But instead of tossing them in the trash, a Bountiful shooting range is providing a way to put them to good use and help charity at the same time.

"We would be more than happy to take the campaign sings up here," said Bountiful Lions Rifle, Shotgun and Pistol Range officer Mitch Dalby. "We could then utilize them and wouldn't have to buy them."

The plastic backing used for paper targets is the same material used to make all those campaign signs, which are quickly becoming an eyesore on street corners. The Bountiful Lions shooting range attracts about 20,000 shooters annually.

"We go through thousands of those backers every year," Dalby said.

At about 85 cents per target, that cost adds up. The Bountiful Lions organization raises money and donates around $25,000 to various local organizations to aid those with vision problems. Each donated campaign sign means they don't have to buy as many new ones.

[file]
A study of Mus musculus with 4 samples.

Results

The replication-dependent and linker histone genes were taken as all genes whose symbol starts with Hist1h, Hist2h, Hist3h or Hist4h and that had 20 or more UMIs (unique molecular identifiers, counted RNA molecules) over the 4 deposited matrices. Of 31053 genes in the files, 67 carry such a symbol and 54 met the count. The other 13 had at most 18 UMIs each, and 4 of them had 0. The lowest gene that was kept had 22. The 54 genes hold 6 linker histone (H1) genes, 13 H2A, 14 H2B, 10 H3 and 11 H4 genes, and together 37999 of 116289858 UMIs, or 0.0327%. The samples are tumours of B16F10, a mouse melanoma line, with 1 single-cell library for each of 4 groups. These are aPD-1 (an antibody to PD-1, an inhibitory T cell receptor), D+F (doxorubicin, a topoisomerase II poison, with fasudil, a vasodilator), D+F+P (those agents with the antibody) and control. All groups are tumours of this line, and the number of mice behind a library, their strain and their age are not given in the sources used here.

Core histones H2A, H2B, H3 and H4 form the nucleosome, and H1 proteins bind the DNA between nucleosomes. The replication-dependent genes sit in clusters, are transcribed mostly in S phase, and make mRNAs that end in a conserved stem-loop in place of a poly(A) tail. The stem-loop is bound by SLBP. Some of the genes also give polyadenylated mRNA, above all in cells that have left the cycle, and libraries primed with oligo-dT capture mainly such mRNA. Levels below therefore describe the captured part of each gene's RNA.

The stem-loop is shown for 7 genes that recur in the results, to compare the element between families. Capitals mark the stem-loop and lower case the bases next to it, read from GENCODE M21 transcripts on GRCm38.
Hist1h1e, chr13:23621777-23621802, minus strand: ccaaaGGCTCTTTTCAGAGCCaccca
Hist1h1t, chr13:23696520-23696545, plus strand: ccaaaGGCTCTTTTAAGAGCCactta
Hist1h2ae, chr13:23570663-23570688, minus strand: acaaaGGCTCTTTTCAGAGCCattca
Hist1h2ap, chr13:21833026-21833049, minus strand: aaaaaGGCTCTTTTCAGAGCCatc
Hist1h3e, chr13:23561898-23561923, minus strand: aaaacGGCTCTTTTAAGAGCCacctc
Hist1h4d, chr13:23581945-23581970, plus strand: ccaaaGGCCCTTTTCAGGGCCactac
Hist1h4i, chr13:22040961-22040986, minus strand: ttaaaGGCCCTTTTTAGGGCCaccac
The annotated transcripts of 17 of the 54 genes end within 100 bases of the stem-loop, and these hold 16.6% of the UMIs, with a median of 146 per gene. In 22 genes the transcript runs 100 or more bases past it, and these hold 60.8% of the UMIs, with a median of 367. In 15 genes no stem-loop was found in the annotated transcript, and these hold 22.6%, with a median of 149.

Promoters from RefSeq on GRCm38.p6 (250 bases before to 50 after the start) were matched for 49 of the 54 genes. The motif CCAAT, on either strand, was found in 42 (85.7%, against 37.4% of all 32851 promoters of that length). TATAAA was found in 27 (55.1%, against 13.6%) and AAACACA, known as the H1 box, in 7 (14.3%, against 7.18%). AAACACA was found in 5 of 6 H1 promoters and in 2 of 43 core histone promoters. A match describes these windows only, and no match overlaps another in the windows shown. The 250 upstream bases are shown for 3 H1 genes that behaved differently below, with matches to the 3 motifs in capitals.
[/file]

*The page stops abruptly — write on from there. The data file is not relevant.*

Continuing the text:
"What that basically comes down to is we can put more of our monies back into the community and into the projects that we select," said Dalby.

This shooting range has received several hundred signs after previous elections and will take as many as campaign volunteers want to bring in. Here, all campaigns are treated equal - it doesn't matter whose name is on the sign.

"Democrats, Republicans and Independents will all be shot at with no regard to their political affiliation," laughed Dalby.

That being said, if any candidate is offended because someone is shooting at their sign, the range will not use it.

To donate your campaign signs, visit the Bountiful Lions website.